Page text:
January 12, 1986|Charles Champlin

Dead these 30 years of a headlong disregard for his own well-being, having continued to smoke and drink heavily even after the warnings of death were upon him, the poet-critic-novelist-journalist James Agee now has the near-legendary status of those who die young (he was only 46) after an incandescent passage.

"Agee: A Life Remembered" does not aim to replace Laurence Bergreen's full-dress biography "James Agee, a Life" (Dutton, 1984). It is the text of a documentary by film makers Ross Spears and Jude Cassidy, including interviews with those who knew Agee--John Huston, Dwight Macdonald, Father James Flye (his mentor from prep school to death)--and a worshipful, regretful, frank narrative by Robert Coles. The book is also a lovely gallery of photographs of Agee, formal and candid.

"He couldn't define himself. . . . He couldn't limit himself; he was oceanic. And in a way that was his great strength," said Macdonald, whose correspondence and friendship with Agee began when Agee was still a teen-ager at Exeter. He was, Macdonald added, "the most brilliant, the deepest, most creative prose writer of my generation."

Macdonald had helped him find a job at Fortune magazine, which led to Agee's collaboration with the photographer Walker Evans on "Let Us Now Praise Famous Men," their reportage, realistic but also poetic, on Southern sharecropping families during the Depression. It continues to find new generations of readers and, perhaps even more than "A Death in the Family" or his eloquent, informed film criticism, is at the heart of Agee's persisting attraction.

Robert Fitzgerald, the poet-translator who was a colleague at Time and lifelong friend, said that more than anyone he knew, Agee insisted on a respect for the real: "To respect this in all its details, ambiguities, peculiarities, and finesses was his aim. . . . To be true to things as they were."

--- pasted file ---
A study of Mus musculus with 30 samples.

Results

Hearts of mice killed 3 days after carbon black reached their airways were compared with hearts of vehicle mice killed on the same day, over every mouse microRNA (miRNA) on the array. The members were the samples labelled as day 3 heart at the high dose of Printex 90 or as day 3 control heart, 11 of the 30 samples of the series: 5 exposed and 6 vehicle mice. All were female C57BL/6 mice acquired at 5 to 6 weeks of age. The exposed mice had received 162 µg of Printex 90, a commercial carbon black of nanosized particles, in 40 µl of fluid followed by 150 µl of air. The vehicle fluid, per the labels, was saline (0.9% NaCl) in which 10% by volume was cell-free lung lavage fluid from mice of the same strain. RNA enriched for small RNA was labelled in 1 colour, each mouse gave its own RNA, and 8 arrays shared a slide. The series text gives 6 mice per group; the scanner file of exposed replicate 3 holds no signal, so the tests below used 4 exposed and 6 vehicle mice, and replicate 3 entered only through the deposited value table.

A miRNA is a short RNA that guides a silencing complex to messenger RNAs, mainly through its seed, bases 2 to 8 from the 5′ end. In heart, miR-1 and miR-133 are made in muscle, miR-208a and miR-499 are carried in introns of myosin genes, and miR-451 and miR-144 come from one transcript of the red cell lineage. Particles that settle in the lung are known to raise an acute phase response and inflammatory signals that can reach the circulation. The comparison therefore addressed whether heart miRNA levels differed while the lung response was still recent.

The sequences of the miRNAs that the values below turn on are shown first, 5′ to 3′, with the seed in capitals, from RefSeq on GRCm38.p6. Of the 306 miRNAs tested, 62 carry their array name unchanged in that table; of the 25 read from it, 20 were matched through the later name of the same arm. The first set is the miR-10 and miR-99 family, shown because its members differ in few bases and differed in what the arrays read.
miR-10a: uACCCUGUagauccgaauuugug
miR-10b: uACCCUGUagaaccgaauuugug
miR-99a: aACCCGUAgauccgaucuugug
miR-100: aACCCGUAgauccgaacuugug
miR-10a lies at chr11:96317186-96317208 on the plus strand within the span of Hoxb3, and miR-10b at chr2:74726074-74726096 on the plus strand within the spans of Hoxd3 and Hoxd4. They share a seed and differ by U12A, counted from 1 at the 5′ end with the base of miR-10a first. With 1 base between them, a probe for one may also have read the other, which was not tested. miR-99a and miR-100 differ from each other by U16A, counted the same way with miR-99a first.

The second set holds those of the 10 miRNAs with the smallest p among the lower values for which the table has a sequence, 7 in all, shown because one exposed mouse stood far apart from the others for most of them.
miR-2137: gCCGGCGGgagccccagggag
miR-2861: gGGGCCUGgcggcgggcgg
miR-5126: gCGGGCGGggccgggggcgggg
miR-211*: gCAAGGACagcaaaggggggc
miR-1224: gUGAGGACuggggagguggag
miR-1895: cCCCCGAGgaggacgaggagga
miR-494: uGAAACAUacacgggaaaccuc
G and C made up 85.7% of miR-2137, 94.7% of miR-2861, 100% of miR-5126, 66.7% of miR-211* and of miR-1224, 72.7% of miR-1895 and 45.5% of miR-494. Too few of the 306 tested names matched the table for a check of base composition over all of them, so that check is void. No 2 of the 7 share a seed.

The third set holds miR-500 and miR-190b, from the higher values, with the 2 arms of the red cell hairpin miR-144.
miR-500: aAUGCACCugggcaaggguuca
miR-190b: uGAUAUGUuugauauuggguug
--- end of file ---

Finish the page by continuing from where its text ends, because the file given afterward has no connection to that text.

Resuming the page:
Coles measures the extent to which Agee fell short: the promising poet "who never became the mature lyrical and even metaphysical poet he might have been"; the storyteller who never became "the controlled narrator of fiction. He never, that is, got beyond himself and his given world--the distance a great novelist must gain on life."

Still, what matters is the achievement, and Coles salutes him as "a voice of brave and candid dissatisfaction with the way things are--the inhumanity, the injustice, the meanness and callousness, the smugness and arrogance; . . . a teacher, who through poems and stories and essays made us morally uncomfortable, morally alert, a bit more morally searching; and, not least, a pilgrim . . ."

It may be in the nature of pilgrims to be unmindful of time and matters of earthly preservation. "He wouldn't have been Jim if he'd been one to protect himself and look after his health, and do what was best for his body and his interests," John Huston said. "Jim lived regardless of consequences of that kind. He was beyond taking care of himself." The reckless disregard of self is part of Agee's romantic aura, as it is of F. Scott Fitzgerald's. The difference is that Agee's excesses seemed to have had less to do with pleasure than with his unceasing, sprawling and crazing pursuit of some grand, elusive, literary perfection. It is hard not to feel impatient at the wastefulness of it, and impossible to imagine that it could have been any different.

Some who imagine it could have been different claim that it was the waste of Agee's talents in journalism that held him back from greatness. Editor Paul Ashdown quotes Dwight Macdonald: "The trouble with Agee as a journalist was that he couldn't be just workmanlike. He had to give it everything he had, which was not good for him." Ashdown objects: "But it is precisely because he gave it everything he had--and what he had was genius--that his neglected journalism needs rediscovery." The selection offered includes Agee on the Tennessee Valley Authority, the atomic bomb, and other topics too varied to list. Broadly, the subject of his journalism was the subject of the books for which he is best known: Rural America and the impact upon it of great events beyond its borders.